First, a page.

MADRID (AP) — Lisbon's mayor has come under fire after admitting that municipal employees shared with Russian officials personal details of at least three Lisbon-based dissidents who organized protests in support of jailed Russian opposition leader Alexei Navalny.
The municipal government obtained the personal data when the Russian activists applied to hold a rally in the Portuguese capital against Navalny’s arrest in January, one of the three, Ksenia Ashrafullina, told The Associated Press Friday.
City ordinances require organizers to inform authorities about upcoming protests.
Ashrafullina, who also holds Portuguese nationality, said that names, ID numbers, home addresses and telephone numbers were submitted so that police could contact them if anything went wrong during the event.
But the 36-year-old said that email exchanges in the run-up to the protest that she was shown revealed that municipal employees had forwarded the data to Russian diplomats in Lisbon and Russia’s Foreign Ministry in Moscow.
Lisbon Mayor Fernando Medina on Thursday apologized for what he said was an “unfortunate mistake” that he blamed on the municipal chamber's workers.
“The mistake was due to the bureaucracy of the services that applied to this protest the same protocols as for scores of other protests that take place in the municipality,” Medina said, according to comments carried by Portugal’s Diario de Noticias.
Medina's political opposition has called for the mayor to resign.
In a statement, his office acknowledged the breach of data protection rules but said that it “vehemently rejects any accusations and insinuations of complicity with the Russian regime.”
It also added that the Lisbon City Hall had asked the Russian government to delete the data.
Other campaigning groups, including an association supporting Palestinians, had criticized the Lisbon municipal chamber in the past for also sharing potentially sensitive data ahead of previous protests, Portuguese media outlets Expresso and Observador reported on Friday.
But the latest development comes at a sensitive time for the opposition to Russian President Vladimir Putin.
Navalny, Putin’s most ardent political foe, was arrested in January and given a 2 1/2-year prison term for violating the terms of a past sentence for embezzlement — which he dismissed as politically motivated.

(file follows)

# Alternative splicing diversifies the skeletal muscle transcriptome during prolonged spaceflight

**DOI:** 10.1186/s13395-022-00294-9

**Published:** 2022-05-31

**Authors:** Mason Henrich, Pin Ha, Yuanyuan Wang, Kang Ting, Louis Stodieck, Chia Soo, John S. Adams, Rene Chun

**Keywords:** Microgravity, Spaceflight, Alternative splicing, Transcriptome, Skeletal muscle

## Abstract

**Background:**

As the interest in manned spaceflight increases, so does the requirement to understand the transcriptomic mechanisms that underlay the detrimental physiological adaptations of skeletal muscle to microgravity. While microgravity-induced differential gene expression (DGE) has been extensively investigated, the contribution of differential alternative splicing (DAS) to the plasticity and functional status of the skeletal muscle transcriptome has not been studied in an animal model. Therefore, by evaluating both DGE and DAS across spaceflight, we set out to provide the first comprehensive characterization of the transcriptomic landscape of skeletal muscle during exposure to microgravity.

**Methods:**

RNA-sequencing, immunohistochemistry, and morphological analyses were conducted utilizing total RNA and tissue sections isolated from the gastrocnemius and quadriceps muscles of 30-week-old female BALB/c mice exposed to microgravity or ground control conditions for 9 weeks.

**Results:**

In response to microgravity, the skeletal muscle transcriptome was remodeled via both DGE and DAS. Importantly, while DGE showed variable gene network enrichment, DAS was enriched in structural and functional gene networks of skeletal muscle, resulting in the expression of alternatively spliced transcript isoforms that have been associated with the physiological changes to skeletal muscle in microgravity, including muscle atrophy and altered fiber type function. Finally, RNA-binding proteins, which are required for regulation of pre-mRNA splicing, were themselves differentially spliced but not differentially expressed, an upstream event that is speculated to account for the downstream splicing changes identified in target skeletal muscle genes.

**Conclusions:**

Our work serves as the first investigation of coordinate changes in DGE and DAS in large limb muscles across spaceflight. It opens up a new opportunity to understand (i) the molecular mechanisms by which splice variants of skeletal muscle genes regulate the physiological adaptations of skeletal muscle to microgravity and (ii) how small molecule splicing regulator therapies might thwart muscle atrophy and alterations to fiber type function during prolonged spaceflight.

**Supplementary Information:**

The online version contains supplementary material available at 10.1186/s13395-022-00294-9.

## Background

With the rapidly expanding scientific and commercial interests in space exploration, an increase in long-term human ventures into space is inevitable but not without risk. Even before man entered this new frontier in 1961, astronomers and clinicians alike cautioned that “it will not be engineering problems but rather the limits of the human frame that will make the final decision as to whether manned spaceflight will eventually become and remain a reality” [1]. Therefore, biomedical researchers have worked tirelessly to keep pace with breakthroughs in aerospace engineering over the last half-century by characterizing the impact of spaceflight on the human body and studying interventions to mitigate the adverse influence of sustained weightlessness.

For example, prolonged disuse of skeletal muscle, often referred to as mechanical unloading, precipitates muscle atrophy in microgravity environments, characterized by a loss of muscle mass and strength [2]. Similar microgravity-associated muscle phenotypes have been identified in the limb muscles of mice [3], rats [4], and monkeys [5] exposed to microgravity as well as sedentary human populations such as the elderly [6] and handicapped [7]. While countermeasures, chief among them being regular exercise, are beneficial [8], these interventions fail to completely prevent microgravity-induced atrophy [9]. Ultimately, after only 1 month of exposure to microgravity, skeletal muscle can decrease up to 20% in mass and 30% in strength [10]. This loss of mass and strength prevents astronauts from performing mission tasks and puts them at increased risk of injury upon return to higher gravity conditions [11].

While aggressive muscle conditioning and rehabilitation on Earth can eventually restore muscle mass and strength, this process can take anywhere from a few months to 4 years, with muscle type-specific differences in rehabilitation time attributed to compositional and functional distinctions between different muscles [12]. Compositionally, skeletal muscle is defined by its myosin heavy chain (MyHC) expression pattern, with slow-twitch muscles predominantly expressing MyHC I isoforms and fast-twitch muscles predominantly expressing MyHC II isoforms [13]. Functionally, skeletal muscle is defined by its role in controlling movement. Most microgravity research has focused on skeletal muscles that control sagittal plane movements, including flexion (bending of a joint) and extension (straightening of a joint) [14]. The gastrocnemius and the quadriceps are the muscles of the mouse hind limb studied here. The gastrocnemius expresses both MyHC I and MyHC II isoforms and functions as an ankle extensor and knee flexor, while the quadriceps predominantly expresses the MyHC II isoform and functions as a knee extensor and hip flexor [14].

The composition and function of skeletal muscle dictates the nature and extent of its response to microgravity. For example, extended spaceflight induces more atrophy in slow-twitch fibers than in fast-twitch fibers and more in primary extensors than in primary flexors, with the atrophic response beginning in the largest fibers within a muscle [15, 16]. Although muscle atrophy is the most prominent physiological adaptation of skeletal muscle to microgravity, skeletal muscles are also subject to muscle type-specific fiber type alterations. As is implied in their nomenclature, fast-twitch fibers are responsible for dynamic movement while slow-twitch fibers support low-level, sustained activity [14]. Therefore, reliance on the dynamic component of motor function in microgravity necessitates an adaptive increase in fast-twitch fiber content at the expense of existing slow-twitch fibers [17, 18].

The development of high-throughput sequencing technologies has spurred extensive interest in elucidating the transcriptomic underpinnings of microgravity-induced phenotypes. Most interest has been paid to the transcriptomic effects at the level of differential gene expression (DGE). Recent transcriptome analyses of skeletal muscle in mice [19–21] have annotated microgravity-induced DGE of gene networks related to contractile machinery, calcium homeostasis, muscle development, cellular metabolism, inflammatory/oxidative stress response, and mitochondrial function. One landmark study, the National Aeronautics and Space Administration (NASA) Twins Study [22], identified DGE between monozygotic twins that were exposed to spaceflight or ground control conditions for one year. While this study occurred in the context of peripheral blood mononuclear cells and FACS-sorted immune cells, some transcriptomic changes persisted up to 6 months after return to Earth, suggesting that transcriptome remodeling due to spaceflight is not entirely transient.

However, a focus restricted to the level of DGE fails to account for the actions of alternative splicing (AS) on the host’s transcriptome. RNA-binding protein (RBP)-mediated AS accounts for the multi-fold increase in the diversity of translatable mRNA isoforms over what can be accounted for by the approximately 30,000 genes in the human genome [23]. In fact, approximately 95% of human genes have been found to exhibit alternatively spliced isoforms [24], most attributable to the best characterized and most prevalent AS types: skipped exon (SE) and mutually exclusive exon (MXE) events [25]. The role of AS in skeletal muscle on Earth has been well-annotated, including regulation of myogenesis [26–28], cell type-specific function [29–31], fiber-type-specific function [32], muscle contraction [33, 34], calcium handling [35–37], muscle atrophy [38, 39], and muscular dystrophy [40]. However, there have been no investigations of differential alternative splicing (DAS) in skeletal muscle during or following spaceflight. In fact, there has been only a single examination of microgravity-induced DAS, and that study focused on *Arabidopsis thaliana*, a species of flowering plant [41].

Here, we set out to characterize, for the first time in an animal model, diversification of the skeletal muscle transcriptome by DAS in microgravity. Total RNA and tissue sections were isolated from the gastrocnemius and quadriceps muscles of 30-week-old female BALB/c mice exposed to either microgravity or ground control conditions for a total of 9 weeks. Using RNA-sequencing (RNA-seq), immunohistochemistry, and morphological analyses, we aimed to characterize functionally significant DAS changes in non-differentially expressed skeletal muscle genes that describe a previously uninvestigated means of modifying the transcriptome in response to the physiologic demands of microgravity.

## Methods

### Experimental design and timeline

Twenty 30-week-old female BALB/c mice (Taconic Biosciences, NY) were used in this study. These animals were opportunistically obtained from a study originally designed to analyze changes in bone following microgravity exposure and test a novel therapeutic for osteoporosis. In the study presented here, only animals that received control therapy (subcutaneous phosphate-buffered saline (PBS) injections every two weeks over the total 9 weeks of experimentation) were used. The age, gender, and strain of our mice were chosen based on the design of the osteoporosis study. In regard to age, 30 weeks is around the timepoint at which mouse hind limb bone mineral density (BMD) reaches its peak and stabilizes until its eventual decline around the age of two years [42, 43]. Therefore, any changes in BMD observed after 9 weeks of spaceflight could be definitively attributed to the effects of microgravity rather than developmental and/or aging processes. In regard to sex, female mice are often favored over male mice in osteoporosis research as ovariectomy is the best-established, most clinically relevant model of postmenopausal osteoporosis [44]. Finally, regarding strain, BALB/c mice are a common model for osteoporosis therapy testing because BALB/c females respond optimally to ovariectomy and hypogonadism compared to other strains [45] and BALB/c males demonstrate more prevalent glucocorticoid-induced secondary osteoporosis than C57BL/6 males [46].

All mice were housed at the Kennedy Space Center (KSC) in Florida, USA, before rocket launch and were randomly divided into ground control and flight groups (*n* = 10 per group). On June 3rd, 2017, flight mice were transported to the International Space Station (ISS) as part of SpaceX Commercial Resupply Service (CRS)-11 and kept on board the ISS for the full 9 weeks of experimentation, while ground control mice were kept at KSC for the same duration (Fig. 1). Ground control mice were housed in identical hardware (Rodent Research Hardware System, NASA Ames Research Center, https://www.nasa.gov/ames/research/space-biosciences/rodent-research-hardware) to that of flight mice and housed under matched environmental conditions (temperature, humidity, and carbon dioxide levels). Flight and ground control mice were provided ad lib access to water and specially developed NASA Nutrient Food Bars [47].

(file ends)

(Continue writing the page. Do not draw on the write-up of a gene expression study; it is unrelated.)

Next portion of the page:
All organizations founded by Navalny were outlawed this week by a Moscow court that labeled them extremist, effectively crushing the hopes of many of Navalny’s allies to run for parliamentary seats later this year.
According to Diario de Noticias, Portuguese authorities were assessing Friday whether the data handover was endangering the activists and whether police protection should be granted to them.
The press office of Portugal’s Public Security Police didn’t respond to an AP request for comment.
In response to a request for comment, the Russian Foreign Ministry pointed to a statement by the Russian embassy in Portugal, which blamed the controversy on attention-seeking activists.
“Neither the embassy in Lisbon nor Moscow has any interest in such individuals with unhealthy imagination,” the Facebook statement said. It added: “The female ‘activist’ can come home with peace of mind.”
Ashrafullina said that she wanted to believe that the protest organizers had been victims of “evil by incompetence” by a bureaucrat rather than meaning to put them in danger, but that the consequences for Russian dissidents are always present.
“I am just a regular citizen who is trying to influence other people around me by saying, well, we shouldn’t tolerate injustice and we should protest in order to have a better, a more fair Russia,” said Ashrafullina, who has been living in Lisbon for the past eight years.
“There are millions of people like myself, but there is petty vengeance,” she added. “Anything can happen or nothing can happen, it’s completely random.”
AP journalists Helena Alves in London, Harriet Morris and Daria Litvinova in Moscow contributed to this report.